Wednesday, 11 February 2015

La Kitchenette Souris : Scottish Oat Scones & Homemade Noodles

Good morning, readers! 

Thanks for stopping by & checking out this post.

I am exited to share with you 2 new favorite recipes I discovered this past week... they will be repeats in my household, for sure and for certain!

The first one is super easy & when eaten warm with a dab of butter (or honey or whipped cream), the only thing you will say is, " Yum." 
(Even though apparently it is bad manners to say "Yum" while eating... but since when were chefs known for the manners and even temperments?!?!)

Allow me to present to you, Scottish Oat Scones.
Go make them.
You won't regret it.

The second recipe is hard work & if your hands ache, well, you are doing it right.
But the end result is pleasing & there is nothing like the satisfaction of successfully make your own noodles! 

Here ya are & I hope you love these recipes!

Scottish Oat Scones

1 1/2 cups flour
2 cups rolled oats
1/4 cup white sugar
4 teaspoons baking powder
1/2 teaspoon salt
1 egg, beaten
1/2 cup butter, melted
1/3 cup milk

Combine flour, oats, sugar, baking powder and salt in a large bowl.
Mix well.
Make a well in the center.

Beat egg until frothy, and mix in melted butter and milk.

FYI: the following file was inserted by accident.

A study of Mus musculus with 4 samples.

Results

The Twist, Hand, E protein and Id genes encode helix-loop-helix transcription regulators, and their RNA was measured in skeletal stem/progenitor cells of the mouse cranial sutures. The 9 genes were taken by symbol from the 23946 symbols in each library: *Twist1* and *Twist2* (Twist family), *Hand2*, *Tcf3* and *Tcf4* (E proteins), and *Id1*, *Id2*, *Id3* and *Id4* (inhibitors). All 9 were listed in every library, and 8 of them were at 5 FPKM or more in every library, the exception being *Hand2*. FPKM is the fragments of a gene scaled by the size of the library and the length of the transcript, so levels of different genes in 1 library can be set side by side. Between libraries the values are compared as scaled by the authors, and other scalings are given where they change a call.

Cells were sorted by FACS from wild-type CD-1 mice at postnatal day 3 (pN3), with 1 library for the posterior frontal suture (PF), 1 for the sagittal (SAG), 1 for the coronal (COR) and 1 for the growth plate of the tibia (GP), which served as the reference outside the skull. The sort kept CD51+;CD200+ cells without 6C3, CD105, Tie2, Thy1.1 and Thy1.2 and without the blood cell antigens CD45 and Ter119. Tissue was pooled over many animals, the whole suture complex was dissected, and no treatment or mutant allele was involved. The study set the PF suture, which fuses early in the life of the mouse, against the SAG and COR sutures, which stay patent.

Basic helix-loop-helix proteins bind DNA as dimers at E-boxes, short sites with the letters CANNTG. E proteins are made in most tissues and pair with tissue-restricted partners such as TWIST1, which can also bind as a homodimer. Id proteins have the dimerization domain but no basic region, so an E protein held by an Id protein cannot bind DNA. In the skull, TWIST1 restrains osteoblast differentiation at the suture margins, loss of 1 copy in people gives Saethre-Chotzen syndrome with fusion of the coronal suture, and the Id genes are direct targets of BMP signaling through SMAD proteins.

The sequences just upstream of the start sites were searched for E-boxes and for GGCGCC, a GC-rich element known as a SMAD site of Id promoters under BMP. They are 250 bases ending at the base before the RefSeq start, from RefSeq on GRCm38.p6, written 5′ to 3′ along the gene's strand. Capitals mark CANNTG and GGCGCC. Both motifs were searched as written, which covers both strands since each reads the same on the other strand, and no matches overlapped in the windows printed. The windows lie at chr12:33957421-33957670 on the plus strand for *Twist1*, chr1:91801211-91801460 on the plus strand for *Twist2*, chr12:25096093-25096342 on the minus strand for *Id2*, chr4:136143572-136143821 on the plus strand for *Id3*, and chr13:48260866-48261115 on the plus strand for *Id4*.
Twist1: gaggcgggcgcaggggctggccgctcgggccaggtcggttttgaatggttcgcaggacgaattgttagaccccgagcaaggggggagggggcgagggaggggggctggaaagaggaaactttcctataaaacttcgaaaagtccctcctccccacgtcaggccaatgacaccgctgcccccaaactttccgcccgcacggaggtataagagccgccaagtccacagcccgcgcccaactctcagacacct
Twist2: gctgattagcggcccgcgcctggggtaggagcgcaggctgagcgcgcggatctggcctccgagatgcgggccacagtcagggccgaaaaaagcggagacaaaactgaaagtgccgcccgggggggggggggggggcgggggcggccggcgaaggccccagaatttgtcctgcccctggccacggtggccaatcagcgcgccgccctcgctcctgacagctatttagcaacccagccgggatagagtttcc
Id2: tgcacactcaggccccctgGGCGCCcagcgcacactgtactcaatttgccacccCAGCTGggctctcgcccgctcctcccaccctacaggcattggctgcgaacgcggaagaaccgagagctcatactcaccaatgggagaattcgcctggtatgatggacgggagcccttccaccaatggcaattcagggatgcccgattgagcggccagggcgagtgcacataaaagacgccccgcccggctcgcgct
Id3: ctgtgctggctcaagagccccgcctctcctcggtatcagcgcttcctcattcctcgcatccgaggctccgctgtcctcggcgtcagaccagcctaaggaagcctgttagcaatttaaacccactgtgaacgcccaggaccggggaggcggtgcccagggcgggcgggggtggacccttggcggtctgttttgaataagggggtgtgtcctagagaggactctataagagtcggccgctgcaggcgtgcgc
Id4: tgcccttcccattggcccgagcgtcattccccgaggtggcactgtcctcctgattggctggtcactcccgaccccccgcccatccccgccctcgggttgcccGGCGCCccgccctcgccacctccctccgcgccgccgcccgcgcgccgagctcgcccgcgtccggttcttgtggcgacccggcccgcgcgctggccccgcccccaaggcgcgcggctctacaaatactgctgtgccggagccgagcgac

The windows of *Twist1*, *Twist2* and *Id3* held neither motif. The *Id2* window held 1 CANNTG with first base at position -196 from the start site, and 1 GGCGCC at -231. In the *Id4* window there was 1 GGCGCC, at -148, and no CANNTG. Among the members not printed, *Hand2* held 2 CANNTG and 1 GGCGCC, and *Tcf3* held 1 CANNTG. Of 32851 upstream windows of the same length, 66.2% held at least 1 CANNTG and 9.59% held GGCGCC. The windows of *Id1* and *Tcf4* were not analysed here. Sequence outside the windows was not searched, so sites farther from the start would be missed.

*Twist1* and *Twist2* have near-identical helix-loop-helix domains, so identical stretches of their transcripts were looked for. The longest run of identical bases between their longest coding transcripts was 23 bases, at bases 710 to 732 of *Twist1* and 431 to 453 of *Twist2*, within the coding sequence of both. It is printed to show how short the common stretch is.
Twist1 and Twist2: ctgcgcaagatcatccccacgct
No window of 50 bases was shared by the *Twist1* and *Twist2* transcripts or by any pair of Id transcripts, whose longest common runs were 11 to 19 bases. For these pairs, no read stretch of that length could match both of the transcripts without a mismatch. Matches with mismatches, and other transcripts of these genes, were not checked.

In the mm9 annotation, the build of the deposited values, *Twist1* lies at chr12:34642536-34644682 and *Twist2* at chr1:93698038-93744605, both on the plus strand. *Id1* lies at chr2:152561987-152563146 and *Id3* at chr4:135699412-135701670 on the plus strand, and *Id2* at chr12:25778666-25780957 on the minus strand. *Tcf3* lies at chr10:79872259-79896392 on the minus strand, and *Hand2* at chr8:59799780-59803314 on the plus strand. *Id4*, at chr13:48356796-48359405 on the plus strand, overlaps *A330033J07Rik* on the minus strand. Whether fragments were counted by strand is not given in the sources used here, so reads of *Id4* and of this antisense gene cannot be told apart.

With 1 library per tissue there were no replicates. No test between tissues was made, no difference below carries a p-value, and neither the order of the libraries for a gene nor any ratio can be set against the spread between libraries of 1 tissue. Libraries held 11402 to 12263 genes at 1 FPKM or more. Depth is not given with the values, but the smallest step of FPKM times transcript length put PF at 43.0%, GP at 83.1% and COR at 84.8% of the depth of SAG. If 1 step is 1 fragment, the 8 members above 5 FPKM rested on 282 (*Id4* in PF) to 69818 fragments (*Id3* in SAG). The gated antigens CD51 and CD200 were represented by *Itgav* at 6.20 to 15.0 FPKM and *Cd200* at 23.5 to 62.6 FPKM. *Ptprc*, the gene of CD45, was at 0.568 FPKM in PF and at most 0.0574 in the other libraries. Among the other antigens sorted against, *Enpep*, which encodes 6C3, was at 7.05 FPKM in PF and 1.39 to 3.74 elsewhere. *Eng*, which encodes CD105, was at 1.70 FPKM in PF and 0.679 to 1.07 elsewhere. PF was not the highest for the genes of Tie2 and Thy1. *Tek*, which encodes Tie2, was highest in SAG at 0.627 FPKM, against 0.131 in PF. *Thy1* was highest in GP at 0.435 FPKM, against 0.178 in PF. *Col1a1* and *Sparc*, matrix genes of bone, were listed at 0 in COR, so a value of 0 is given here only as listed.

Pour into well.
Stir to make a soft dough.

Pat dough into two 6 inch circles.
Place on greased baking sheet.
Score each top into 8 wedges.

Bake at 425F for 15 minutes, until risen and browned.

Cut & serve while warm. 

Homemade Noodles

1 dozen eggs
1 cup milk
1 teaspoon salt
11-12 cups flour

Knead together until you have a very smooth dough.

This dough is really tough & thick & hard to knead.

It will take you a good 20 minutes just to knead a small amount.

Then you will need a noodle machine to make the finished product, or else you could just roll out with a rolling pin (tough but possible) and cut into strips by hand.

One you have them in strips, lay them out on a clean dry tea towel.
Strips should be side by side, not touching at all, otherwise they will harden together.

The dough dries fast, so I suggest having help getting them cut & laid out quickly!

Leave to dry overnight, or until very brittle/hard, and they snap in half easily.

I halved this recipe, but as you can see from the photo above, it still makes a lot!

Here are a couple photos from the making process.

First you have your chef, putting a piece of dough through the machine to get it flattened and into one long strip.

Here you can see the flat strip entering the larger noodle cutter and coming out as these beautiful, store-bought-lookin' noodles! 

The coolest part of noodle making, in my opinion!

Now I really want to find a fancier noodle machine or more parts so that I can do pasta with fillings or lasagna noodles and so on!

I like a challenge.

That isn't obvious at all, is it?!

I have a few more challenging things to make in the near future, so be watching this blog (and my Instagram & Twitter) for more adventures from La Kitchenette Souris!